Financial Technology Does Not Have Borders

The general election was historic for many reasons – Britain had a stark choice to elect its first female Prime Minister of the 21st century, nationalise many of the country’s utilities and infrastructure to a degree not seen since 1945, or even renege on the decision to leave the European Union after all.

Whoever took on the reins on 9th June would undoubtedly be taking on the most challenging brief since David Lloyd George or Winston Churchill, Britain’s leaders during the great wars of the twentieth century.

Now that the dust has settled, and parliamentarians will soon return to Westminster from the summer recess to take up the challenge of Brexit, you would be forgiven for overlooking the fintech sector in a list of Theresa May’s top priorities for this two year parliament that has the potential to define a generation.

Fintech may not be at the top of many commentators inbox’s, but it has a huge part to play in Britain’s future. The industry is after all currently worth ¬£7 billion to the UK economy and employs 60,000 people up and down the country.

The UK is Europe’s fintech capital and home to four unicorns – that’s those businesses worth over $1 billion – and seven more exciting fintech companies currently operating on our shores have been forecast to join this elite billion-dollar club. Many other start-ups look promising and I wish them well for the future.

Brexit is clearly Britain’s main preoccupation, it will affect every sector, some will benefit, some I fear may not do so well in the long-term. The fintech sector relies on foreign talent to drive its businesses, many of these businesses are born global and so depend on the skills, knowledge and experience of Europe’s graduates to power their growth in the EU, the world’s largest economy.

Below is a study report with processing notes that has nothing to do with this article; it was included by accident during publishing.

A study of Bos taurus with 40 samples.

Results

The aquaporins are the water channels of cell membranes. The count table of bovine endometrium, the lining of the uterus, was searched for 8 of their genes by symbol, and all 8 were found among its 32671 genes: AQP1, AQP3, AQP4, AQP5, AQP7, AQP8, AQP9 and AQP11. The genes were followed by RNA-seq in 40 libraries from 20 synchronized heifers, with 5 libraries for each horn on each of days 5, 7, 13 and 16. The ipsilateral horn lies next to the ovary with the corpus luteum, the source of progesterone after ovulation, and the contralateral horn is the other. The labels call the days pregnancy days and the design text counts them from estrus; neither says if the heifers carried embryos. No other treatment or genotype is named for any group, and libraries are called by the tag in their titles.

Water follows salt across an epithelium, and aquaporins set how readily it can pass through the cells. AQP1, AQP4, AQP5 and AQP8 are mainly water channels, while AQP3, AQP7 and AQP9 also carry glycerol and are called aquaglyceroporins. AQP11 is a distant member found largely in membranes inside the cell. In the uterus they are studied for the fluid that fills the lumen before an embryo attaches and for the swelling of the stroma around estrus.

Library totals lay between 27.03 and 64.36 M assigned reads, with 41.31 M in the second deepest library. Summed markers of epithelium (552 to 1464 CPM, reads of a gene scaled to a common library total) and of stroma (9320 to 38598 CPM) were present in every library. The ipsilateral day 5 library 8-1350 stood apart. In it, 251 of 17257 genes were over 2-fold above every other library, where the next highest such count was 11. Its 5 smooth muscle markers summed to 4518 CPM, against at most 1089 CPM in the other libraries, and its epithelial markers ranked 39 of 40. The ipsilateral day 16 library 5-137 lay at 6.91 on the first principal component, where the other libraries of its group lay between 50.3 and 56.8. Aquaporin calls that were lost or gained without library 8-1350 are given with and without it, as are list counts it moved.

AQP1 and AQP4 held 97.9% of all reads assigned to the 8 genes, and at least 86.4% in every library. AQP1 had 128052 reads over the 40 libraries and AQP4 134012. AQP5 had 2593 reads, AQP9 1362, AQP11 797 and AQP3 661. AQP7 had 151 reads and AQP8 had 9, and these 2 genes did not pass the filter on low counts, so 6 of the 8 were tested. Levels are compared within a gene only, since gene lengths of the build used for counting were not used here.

Understandably the lack of certainty over Brexit is a concern for many entrepreneurs (the users of our digital currency).

However, I think in the near-term not much will change, a lot will depend on how far policy modifications emanating from Brussels will influence British trading patterns. Without British diplomats occupying a place at the negotiating table, access to the world’s largest single market could become far more difficult.

But frankly many of the arguments that politicians are currently grappling with are rather parochial. They miss the wider revolutions that are taking place in financial technology globally. While Britain and the EU argue around trade agreements and currency clearing they forget that new technologies are increasingly taking these decisions out of their hands.

The power of peer-to-peer digital currency trading is that it is between individuals on a global scale, no banks or states playing middleman. That is where the power will lie in future. Britain’s politicians need to start thinking bigger than Britain – financial technologies don’t need to have borders.

One of the reasons I started my business here was because Britain offered a European base for my organisation, it has an enviable reputation for being open, tolerant and fair. I hope and expect it continues to be exactly that.

In 2015, the then chancellor George Osborne said he wanted London to become “the global centre for fintech”, I share his vision and still believe this country has the infrastructure, skills, and entrepreneurial drive to be the centre of global fintech in the future. But the financial revolution will continue with or without Brexit, Britain’s politicians need to make sure this country remains ahead of the curve.